Re-looking at The Last Phantom
I'd pretty much dismissed Dynamite's take on The Phantom after seeing the above "costume" and hearing how the new series is essentially a reboot. I like the current Phantom enough that I don't really want to see him rebooted. But then I read this interview with writer Scott Beatty in which he said that he wants to explore a question that's always sort of itched the back of my mind for years: "Is [being the next Phantom] choice or predestined? And can one simply walk away?"
I'm not totally caught up with Moonstone's series, so maybe they've touched on it, but I've never read a Phantom story in which the hero struggled with whether or not he wanted to accept the role. I still hate the new look, but I am interested in seeing Beatty explore this aspect of the character.
Jesse James vs. not-exactly-Machine Gun Kelly
If you've followed this blog for a while, you know that I co-wrote a story in which Jesse James and Machine Gun Kelly meet during the early days of the gangster's career. The fate of that story is still being determined, but my interest in the subject matter means that I automatically love this post by Snell about a different kind of meeting between Jesse and some gangsters.
After the break: the return of Vampirella, the mystery of Captain Marvel, and the passing of Al Williamson.
More Dynamite news. They're collecting the early Vampirella stories as Vampirella Archives, but they're also going to publish something called The Vampirella Masters Series which collects Vampirella stories by comics legends. The first volume contains work by Grant Morrison and Mark Millar; future issues will feature Warren Ellis and James Robinson.
There've been a lot of legendary creators who've worked with Vampirella. Folks like Archie Goodwin, Kurt Busiek, Doug Moench, Bernie Wrightson, Barry Windsor Smith, Mike Ploog, Richard Corben, Wally Wood, Neal Adams, and Frank Frazetta. And more recently, respected writers like Brian Wood and Mike Carey have taken their shot too. I don't know if these guys' stories are more suited for Archives or Masters, but it doesn't really matter to me as long they're collected somehow.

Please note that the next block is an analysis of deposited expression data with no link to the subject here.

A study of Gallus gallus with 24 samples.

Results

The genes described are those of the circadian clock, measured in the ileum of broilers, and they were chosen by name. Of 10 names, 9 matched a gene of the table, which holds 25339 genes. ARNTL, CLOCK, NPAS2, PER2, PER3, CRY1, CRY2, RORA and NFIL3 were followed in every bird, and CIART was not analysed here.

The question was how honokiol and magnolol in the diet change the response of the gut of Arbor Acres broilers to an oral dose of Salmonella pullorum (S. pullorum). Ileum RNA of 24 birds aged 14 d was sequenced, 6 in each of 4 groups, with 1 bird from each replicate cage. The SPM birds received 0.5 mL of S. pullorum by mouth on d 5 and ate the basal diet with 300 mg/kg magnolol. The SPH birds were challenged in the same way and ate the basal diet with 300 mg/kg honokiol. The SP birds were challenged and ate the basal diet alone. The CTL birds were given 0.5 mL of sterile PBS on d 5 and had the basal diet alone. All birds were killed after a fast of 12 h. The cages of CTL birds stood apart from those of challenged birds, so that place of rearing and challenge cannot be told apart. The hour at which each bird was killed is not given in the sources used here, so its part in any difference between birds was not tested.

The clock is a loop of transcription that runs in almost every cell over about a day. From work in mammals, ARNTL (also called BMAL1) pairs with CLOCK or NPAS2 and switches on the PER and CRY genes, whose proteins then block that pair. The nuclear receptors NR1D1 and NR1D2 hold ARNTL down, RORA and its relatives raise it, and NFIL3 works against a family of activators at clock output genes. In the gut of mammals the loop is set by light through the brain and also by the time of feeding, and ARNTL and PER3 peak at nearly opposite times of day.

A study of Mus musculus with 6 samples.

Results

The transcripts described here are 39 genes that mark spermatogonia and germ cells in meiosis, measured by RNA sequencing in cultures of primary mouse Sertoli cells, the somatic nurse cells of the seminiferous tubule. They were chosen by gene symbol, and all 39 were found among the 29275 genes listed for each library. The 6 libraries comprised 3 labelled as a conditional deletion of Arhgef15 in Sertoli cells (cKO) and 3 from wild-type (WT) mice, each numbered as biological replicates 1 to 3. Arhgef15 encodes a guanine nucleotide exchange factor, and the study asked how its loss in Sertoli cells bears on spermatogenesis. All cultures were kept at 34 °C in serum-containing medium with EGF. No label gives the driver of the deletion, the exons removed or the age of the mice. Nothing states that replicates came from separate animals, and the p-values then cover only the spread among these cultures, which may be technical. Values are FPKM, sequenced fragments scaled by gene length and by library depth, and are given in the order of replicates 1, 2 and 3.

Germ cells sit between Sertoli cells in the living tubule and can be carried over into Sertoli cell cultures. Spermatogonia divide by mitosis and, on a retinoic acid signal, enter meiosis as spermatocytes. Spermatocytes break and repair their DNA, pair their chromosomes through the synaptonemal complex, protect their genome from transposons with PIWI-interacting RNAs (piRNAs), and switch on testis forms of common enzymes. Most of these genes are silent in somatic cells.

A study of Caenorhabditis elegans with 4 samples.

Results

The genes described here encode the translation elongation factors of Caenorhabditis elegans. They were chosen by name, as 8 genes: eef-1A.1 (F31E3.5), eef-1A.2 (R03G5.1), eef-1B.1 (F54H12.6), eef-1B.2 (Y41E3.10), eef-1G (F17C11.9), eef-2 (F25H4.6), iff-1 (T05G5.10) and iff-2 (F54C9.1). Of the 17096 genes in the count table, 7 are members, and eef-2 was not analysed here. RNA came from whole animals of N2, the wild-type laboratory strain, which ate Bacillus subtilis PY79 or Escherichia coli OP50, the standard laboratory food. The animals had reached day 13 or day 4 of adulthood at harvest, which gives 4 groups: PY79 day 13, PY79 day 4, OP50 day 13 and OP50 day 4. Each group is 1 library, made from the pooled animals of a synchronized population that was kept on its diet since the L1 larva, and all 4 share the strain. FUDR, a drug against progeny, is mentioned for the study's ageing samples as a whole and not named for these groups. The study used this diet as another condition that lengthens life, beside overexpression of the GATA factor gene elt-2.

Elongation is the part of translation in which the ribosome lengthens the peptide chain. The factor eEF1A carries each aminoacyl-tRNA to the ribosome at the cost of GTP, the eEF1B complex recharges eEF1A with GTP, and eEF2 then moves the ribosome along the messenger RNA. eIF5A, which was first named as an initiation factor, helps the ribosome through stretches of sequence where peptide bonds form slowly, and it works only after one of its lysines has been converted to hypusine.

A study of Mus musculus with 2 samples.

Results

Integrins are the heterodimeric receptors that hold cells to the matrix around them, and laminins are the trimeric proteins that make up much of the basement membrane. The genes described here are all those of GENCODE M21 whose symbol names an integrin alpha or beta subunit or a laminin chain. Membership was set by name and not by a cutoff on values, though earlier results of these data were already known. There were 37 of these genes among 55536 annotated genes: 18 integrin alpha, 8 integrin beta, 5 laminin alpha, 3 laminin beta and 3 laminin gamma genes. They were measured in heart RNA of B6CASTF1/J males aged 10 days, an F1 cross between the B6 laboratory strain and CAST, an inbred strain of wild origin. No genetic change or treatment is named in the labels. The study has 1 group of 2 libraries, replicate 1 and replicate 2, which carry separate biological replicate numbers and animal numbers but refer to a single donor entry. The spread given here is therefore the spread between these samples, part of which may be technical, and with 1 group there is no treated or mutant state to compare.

Captain Marvel and the Great Initiation Mystery
Colin at Too Busy Thinking About My Comics makes a very good case that "the story of Captain Marvel was in one sense quite over within 31 panels of his first story, and within four panels of his first appearance." That single quote doesn't do justice to his argument, so you should click through and read the whole thing. It does a nice job of explaining why Captain Marvel's never really fit in with the larger DCU and has to keep getting re-booted.
The biggest real news for me this past week was the death of Al Williamson. Tom Spurgeon has the real obituary.
My first exposure to Williamson's work was the few Star Wars strips of his and Archie Goodwin's that I was able to read in my grandmother's newspaper when we'd go to visit her. Or maybe it was Marvel's Empire Strikes Back adaptation that - along with the novelization - completely spoiled that movie for me before I saw it.
I didn't know Williamson's name though for years after that until Dark Horse reprinted those newspaper strips. I remembered how amazing his worlds were. He'd ground the story with photo-referenced characters that were still somehow dynamic and exciting, but add in all of these fantastic monsters, buildings, and of course giant mushrooms. For the period of time between Star Wars and Return of the Jedi, Al Williamson was the expanded Star Wars universe, even though I didn't know who he was.
This past year I also discovered his Flash Gordon work and I became an even bigger fan. Thank you, Al Williamson, for all the fantastic images.